Eat & Drink


Good for the planet, better for your innards, vegan and vegetarian hot dogs are a win-wiener

Chow down on these no-meat hot dogs for National Hot Dog Day. (Jeff Wasserman/Stocksy)
Photo: Jeff Wasserman/Stocksy hot dogs


I’m going to be frank here: hot dogs are delicious. The ones from ballparks? Great. The ones from street vendors? Sign me up. That one that’s been turning and burning on a rolly thing at a gas station all night long? I’ll take it.

Meaty, salty, fatty: hot dogs, they’re just like us! And what’s not to like? Uh, ask my innards. The problem with hot dogs is that they’re full of nitrates, sodium, and saturated fat. The vast majority rely on meat from animals raised on CAFOs—concentrated animal feeding operations—which have pretty stark environmental consequences and severe animal-welfare problems. 

The good thing about hot dogs is that, because they’re processed and then processed some more, they’re actually fairly easy to replicate in a meatless option. I spent many years as a vegetarian and vegan, and my main takeaway from that time was that the more processed a meat was, the better the fake version was going to be. A soy steak is likely still a few years away, but soy and veggie hot dogs are already pretty tasty.

They’re not all good dogs, of course. I actually spit one out after chomping into what, texture wise, appeared to be a hot-dog-flavored mealworm. That one was the wurst. Another tasted suspiciously like eating waxy lipstick. But a few were good, even great, if you haven’t had a real hot dog in a long time.

July 17 is National Hot Dog Day, and we urge you to throw these links on your grill, because they’re more humane (to animals, your digestive system, and the planet). With enough ketchup and mustard, you know, you might even relish them.

Best Overall 

Field Roast Frankfurters

Field Roast’s Frankfurters were the only hot dog I tried where I finished the first and thought to myself, I want another. While some of the offerings I tried were simply salty, this one actually had that umami flavor you associate with meat. The texture for these vegetarian versions was good, too—not at all squishy. The only thing I didn’t like was that each dog comes wrapped in its own plastic sheath, which seems wasteful.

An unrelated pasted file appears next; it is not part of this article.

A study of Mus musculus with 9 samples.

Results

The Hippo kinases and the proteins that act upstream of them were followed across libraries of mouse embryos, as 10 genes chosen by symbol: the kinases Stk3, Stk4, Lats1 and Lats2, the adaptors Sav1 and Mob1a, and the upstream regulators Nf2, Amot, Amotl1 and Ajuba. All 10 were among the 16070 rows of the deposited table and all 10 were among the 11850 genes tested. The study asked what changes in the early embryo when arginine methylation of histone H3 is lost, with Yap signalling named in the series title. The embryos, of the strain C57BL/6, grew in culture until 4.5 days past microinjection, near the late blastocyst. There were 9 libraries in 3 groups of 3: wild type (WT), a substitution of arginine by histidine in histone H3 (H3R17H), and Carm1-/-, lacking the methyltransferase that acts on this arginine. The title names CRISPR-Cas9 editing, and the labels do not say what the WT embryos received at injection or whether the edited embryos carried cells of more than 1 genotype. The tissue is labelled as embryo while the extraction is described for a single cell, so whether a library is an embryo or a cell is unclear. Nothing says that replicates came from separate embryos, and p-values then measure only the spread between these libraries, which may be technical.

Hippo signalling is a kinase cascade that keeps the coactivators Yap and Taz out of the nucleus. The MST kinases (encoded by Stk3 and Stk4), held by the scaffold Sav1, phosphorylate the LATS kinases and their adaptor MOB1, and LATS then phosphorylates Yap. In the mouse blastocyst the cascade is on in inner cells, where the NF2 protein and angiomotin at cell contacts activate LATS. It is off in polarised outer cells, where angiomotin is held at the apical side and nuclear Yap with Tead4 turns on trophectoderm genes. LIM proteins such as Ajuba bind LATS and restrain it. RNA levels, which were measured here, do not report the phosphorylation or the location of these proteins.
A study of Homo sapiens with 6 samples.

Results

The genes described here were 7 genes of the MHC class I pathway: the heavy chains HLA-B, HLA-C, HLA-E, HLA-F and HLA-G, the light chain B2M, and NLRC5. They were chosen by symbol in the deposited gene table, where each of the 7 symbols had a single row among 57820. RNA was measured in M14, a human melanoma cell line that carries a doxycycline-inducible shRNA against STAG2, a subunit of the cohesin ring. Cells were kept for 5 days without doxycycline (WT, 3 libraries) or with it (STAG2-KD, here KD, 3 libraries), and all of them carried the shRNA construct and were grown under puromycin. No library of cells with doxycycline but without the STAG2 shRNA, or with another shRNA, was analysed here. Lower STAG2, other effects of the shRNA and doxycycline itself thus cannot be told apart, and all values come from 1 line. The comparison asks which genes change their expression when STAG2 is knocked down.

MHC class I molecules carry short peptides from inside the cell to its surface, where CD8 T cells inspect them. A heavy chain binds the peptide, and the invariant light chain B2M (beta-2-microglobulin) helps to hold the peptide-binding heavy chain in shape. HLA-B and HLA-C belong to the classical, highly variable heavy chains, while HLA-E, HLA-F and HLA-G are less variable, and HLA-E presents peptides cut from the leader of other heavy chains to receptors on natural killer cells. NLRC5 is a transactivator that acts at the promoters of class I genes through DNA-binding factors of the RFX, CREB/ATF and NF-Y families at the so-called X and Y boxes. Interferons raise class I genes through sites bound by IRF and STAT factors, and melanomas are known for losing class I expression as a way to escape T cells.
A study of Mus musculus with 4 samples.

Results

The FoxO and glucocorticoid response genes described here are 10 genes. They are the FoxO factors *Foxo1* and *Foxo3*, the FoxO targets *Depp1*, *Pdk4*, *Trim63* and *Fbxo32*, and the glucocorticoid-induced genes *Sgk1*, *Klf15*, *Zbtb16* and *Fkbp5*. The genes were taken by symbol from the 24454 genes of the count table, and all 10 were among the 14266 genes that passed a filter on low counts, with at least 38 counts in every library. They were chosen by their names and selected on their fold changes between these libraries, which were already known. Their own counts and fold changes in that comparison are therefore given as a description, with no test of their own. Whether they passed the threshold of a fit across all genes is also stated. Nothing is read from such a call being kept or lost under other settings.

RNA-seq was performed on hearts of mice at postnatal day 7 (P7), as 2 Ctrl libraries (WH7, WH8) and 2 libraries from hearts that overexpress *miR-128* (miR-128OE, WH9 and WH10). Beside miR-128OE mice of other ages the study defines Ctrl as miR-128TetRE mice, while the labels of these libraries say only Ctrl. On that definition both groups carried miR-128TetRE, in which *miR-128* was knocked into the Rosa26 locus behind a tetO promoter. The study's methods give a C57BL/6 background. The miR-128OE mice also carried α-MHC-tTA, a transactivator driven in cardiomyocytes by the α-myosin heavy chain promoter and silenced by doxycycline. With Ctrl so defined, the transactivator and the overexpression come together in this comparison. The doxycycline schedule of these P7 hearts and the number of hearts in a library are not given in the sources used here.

Best Available-Everywhere Option

Light Life Smart Dogs

If I can find vegan Smart Dogs at Walmart in my rural Tennessee town, chances are you have them where you live, too. The flavor isn’t quite as perfect as Field Roast’s offering, but it’s still close-ish to the franks of your youth. Do not overcook these, though, or they will turn mushy.  

Best Novelty

Morningstar Farms Corn Dogs

What isn’t improved by a little corn-bread batter? Vegetarian hot dogs are no exception. I loved these corn dogs and would absolutely keep them around for times when I’m in the mood for junk food. And to be clear, these are junk food. They have seven grams of added sugar and one-fifth of your daily sodium intake per serving. But health wise, they still probably beat the monstrosity that is meat-based corn dogs.   

Best Flavored Sausage

A Tie Between Tofurky Italian Sausage and Field Roast Smoked Apple Sage Sausage

If you don’t like hot dogs yet somehow are still 500 words into this story on hot dogs, there are some good flavored sausages on the market. I dug Tofurky’s Italian Sausages, which are livened up by sun-dried tomatoes and basil. And Field Roast’s Smoked Apple Sage Sausage would likewise go well on a sourdough roll with some caramelized onions and a hit of Dijon. Tofurky’s sausages are vegan, and the ones from Field Roast are vegetarian.